At 6'6, British-Nigerian actor, Nonso Anozie, is a giant of a man; but it seems that his physical size just might be eclipsed by his remarkable acting ability. The actor got his start on the British stage and has slowly but surely made a name for himself over the years. As the second black cast member of HBO’s Emmy Award-winning show, Game of Thrones, Anozie is in an undoubtedly enviable position.
Speaking about his role in the hit show, opportunities for black actors in the UK and in the U.S. and a former teacher’s discouragement of his acting dreams because of his race, this interview by The Root is an introduction to Nonso Anozie.
The Root: Is it easier to find work in England or America as a black actor?
TR: Game of Thrones has black and brown characters — Lucian Msamati's pirate Salladhor Saan and Jason Momoa's Drogo — where many fantasy films and television shows don't. Tell me about that.
NA: HBO really wanted to cast me in the first season, and I auditioned for a character but then I got another pilot. They loved my audition so much that when this character Xaro Xhoan Daxos came up, they called. He's richer than [villain] Tywin Lannister, so the black dude's the richest guy on the show. Xaro meets Daenerys Targaryen while she's wandering in the desert. She's got dragons, I'm really rich, let's see what we can do — and we start a friendship. It's really interesting what we get into for the rest of the season, but I can't say anymore because of how it all turns out. ….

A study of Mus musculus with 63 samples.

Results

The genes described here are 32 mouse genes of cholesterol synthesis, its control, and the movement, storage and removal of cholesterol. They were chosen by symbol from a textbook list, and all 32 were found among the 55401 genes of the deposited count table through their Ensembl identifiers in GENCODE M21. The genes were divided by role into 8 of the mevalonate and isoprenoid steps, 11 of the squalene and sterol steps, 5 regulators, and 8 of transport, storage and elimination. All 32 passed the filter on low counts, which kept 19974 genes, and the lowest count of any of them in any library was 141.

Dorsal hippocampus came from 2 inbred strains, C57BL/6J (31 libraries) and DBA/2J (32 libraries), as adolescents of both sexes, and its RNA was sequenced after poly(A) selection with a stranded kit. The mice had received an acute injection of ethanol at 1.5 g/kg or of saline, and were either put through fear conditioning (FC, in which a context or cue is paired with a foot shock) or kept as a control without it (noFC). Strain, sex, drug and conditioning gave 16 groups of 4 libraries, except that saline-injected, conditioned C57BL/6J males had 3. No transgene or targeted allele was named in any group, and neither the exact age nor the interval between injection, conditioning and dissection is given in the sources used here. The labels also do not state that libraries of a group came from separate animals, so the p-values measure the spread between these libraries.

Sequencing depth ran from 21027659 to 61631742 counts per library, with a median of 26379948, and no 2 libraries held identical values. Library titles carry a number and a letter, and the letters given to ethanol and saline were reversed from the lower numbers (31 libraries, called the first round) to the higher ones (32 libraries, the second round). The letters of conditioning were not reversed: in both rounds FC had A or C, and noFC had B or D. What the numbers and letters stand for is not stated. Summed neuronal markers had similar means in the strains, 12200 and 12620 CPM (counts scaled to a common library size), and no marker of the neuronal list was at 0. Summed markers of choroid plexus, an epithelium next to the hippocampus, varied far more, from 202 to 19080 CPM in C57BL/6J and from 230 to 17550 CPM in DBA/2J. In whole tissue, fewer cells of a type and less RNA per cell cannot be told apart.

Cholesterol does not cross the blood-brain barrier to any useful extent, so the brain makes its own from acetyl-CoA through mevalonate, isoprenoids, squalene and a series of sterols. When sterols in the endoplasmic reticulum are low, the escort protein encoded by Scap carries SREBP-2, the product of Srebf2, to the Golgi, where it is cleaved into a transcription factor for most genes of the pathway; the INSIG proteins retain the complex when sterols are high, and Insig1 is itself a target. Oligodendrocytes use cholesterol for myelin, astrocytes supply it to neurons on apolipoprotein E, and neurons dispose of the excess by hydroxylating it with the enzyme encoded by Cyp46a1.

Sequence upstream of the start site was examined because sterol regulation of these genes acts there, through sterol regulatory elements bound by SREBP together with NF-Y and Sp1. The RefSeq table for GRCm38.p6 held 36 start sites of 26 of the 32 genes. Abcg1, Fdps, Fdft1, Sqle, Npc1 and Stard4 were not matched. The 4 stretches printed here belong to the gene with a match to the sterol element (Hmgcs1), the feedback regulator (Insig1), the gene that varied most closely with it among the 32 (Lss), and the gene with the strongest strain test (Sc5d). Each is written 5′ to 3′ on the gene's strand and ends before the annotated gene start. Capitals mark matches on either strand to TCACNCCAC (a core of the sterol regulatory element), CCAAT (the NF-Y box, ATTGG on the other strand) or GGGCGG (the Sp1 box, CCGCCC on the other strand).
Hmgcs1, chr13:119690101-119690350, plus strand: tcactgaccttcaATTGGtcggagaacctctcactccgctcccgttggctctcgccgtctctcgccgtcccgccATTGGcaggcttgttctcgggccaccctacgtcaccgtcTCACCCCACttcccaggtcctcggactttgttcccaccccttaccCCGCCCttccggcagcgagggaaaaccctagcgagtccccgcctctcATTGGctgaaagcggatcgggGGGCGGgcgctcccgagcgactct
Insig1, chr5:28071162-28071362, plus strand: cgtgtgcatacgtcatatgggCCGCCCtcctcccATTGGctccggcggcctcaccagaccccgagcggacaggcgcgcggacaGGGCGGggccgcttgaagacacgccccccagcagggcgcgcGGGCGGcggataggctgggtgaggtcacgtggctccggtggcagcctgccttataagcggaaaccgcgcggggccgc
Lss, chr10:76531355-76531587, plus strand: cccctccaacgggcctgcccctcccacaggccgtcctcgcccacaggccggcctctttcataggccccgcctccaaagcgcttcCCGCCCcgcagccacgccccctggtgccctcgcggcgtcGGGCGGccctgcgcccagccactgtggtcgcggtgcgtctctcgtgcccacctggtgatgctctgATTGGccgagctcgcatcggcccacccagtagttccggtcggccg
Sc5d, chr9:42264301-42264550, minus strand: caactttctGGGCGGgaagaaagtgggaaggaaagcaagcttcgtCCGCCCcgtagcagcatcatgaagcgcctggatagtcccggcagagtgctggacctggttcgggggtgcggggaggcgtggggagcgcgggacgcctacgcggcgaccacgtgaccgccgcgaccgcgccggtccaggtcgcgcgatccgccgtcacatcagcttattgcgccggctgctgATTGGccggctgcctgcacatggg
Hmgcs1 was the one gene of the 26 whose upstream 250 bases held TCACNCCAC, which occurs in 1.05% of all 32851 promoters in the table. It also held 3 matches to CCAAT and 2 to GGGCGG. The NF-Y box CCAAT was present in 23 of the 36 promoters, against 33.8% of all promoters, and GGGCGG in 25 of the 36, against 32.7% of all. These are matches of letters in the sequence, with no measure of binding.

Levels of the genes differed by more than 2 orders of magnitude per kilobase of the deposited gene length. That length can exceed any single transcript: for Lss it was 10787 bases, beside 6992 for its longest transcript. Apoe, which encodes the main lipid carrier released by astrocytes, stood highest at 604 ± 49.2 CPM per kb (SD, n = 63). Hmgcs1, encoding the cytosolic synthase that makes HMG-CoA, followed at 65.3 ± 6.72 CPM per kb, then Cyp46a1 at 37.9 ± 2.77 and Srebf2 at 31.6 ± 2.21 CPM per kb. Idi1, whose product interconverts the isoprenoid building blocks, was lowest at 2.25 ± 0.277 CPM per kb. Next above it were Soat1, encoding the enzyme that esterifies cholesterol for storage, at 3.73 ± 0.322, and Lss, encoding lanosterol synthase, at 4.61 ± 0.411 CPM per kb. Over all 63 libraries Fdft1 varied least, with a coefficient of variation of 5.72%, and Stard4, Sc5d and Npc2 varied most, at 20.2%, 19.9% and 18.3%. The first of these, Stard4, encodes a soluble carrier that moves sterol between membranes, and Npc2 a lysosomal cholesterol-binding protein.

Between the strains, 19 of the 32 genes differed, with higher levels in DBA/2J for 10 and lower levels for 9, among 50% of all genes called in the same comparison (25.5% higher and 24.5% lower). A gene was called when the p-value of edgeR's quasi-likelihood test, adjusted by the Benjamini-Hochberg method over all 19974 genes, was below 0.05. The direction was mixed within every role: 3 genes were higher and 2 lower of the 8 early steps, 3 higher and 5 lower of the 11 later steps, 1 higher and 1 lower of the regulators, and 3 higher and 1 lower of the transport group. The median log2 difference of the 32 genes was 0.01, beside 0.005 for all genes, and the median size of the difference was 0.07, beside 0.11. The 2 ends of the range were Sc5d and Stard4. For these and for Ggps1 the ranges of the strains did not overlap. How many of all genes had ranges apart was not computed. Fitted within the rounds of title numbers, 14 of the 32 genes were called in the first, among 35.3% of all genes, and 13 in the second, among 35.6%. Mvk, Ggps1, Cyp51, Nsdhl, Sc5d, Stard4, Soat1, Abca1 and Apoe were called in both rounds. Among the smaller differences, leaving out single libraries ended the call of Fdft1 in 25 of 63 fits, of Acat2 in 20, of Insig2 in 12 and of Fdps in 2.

TR: How did you get into acting?
NA: I was born in London, grew up in Camden. I got a taste for acting at 10 years old — my headmaster had me play the daddy in the Bible story of the prodigal son. I put on a big coat and glasses. People laughed at the end, and I got something from it that I never wanted to release. I got really into it at 18 and tried acting without going to university, and that was hard … I didn't come from a theater family, and when I told my careers adviser about acting, he suggested I look at something like plumbing, saying, "Even young, handsome white boys find it difficult acting — you're a 6-foot-6-inch black man."
Read the complete interview on The Root.